A refreshing dip in the pool can provide much needed relief from the summer heat. Various chemicals are added to pools to prevent unwanted bacterial growth. Exposure to these chemicals and other unwanted substances can happen during routine maintenance or while swimming in the pool. Symptoms are varied depending on the extent of the exposure. Is chlorine always the chemical to blame for these symptoms?


Chlorine ExposureKeeping a swimming pool in tip-top condition requires periodic handling of potentially toxic chemicals, most notably chlorine products. The chlorine source is usually liquefied chlorine for very large pools, and chlorine salts for smaller and residential pools. When inhaled accidentally, chlorine can cause immediate coughing, choking, and a feeling of suffocation. Individuals may also complain of nausea, burning chest pain, nose and throat irritation, and skin and eye irritation. Sometimes this can progress to more severe symptoms that require treatment in a hospital.

The first step to treatment at home is leaving the source of chlorine and moving into fresh air. When able, an exposed person will immediately escape the exposure site due to the intolerable nature of the toxin. It is likely the person may also have eye and skin contact with the chemicals. Immediate irrigation (rinsing well) with copious amounts of tap water for 5 minutes is essential. For persistent pain or irritation after a thorough irrigation, an eye or dermal exam may be needed due to the corrosive nature of chlorine to the skin, eyes, and mucous membranes.

Sometimes due to persistent coughing, dyspnea, and chest pain, the exposed individuals will present in the Emergency Department. These patients may require oxygen, breathing treatments, and other medications to resolve their symptoms.


  • Store pool chemicals in a COOL, DRY, WELL VENTILATED area, away from other household products and garden chemicals.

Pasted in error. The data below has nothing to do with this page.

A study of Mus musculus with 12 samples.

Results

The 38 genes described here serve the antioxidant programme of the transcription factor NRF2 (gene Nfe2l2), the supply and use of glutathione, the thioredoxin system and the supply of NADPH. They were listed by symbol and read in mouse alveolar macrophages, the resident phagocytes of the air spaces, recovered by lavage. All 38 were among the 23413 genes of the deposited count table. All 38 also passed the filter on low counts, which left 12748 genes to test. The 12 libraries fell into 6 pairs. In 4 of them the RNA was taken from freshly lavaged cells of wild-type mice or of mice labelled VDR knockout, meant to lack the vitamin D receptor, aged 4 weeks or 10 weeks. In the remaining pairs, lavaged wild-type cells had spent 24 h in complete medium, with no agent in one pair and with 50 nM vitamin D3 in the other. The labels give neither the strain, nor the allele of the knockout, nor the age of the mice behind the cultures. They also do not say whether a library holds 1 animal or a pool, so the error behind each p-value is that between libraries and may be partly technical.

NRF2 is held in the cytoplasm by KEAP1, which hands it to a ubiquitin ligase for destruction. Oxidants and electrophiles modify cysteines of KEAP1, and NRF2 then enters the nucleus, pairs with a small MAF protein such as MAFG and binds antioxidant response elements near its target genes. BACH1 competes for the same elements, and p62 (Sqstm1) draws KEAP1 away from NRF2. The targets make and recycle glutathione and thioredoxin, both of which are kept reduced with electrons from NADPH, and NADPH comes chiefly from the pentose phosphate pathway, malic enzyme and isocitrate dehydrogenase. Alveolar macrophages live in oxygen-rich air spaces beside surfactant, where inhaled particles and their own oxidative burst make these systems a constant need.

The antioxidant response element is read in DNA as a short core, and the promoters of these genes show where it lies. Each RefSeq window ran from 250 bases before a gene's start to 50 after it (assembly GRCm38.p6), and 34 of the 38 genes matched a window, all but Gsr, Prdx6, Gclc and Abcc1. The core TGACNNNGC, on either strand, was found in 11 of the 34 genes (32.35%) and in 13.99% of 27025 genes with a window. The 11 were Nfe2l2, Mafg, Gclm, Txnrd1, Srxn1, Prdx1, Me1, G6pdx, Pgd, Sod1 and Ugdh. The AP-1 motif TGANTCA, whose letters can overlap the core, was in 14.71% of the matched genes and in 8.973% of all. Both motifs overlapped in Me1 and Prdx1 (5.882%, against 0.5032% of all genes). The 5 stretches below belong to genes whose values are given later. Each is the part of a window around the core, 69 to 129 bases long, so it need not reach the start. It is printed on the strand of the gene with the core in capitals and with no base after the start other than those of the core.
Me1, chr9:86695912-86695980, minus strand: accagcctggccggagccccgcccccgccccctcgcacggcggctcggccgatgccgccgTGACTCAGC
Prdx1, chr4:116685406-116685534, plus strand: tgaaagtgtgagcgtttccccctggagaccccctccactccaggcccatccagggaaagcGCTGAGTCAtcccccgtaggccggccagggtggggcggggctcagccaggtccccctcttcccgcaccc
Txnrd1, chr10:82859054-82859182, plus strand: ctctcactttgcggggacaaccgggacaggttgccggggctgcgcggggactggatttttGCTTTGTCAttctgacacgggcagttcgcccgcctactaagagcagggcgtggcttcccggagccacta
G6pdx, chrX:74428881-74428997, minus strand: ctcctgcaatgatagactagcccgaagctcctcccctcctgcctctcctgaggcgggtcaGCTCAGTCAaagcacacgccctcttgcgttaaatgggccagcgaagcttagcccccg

• Keep children and pets out of the area when using chemicals.
  • Never walk away from any product that is out, open, and in use.
  • Use recommended protective equipment such as gloves or masks when handling hazardous products.
  • Never mix chemicals of any kind together. An unexpected and uncontrollable reaction may occur.
  • Store products in the original container, up and out of reach, in a locked cabinet or location if possible.


After a pool has been treated with chlorine, it is now ready to swim! However refreshing the swim was, your eyes can sting and appear red afterwards. Many people assume the chlorine is the culprit for this effect, but we would like to investigate this phenomenon a little further.

Minor conjunctivitis (red eyes) after swimming can be accompanied by the appearance of haloes around lights, with little or no blurring of vision. Each of these reactions can be explained by the complicated chemistry that takes place in the pool water itself. You may be surprised that it is not directly caused by the chlorine!

The antiseptic agent of chlorine is called hypochlorous acid. Some of this acid is “consumed” (taken up) while destroying the microbes in the water and it is also broken down by sunlight. Any hypochlorous acid that remains is free to react with nitrogen containing compounds.

Pool Red EyesNitrogen enters the swimming pool water from several sources. Since most of the Earth’s atmosphere is nitrogen, there is a small reaction between the hypochlorous acid and the free nitrogen gas in the air. However, most of the nitrogen is actually introduced from the swimmers themselves through urine, perspiration, feces, spit, and bacteria on the skin. When the nitrogen compounds react with the hypochlorous acid, chloramines are formed (“chlor” is short for chlorine, and “amines” are compounds that contain nitrogen). The chloramines have a distinct pungent odor which is often falsely attributed to chlorine and they are particularly irritating to the eye. Although the effects of the chloramine in the eyes are irritating, they are not serious after exposure to pool water. Virtually all cases of eye irritation will return to normal within 24 hours without treatment.

So, the next time someone complains that the chlorine at the pool is irritating their eyes, you can dazzle them with your chemical knowledge and assure them that it is not the chlorine.

The Missouri Poison Center wishes you a fun and safe summer. If you have questions or concerns about chlorine please contact the Missouri Poison Center at 1-800-222-1222.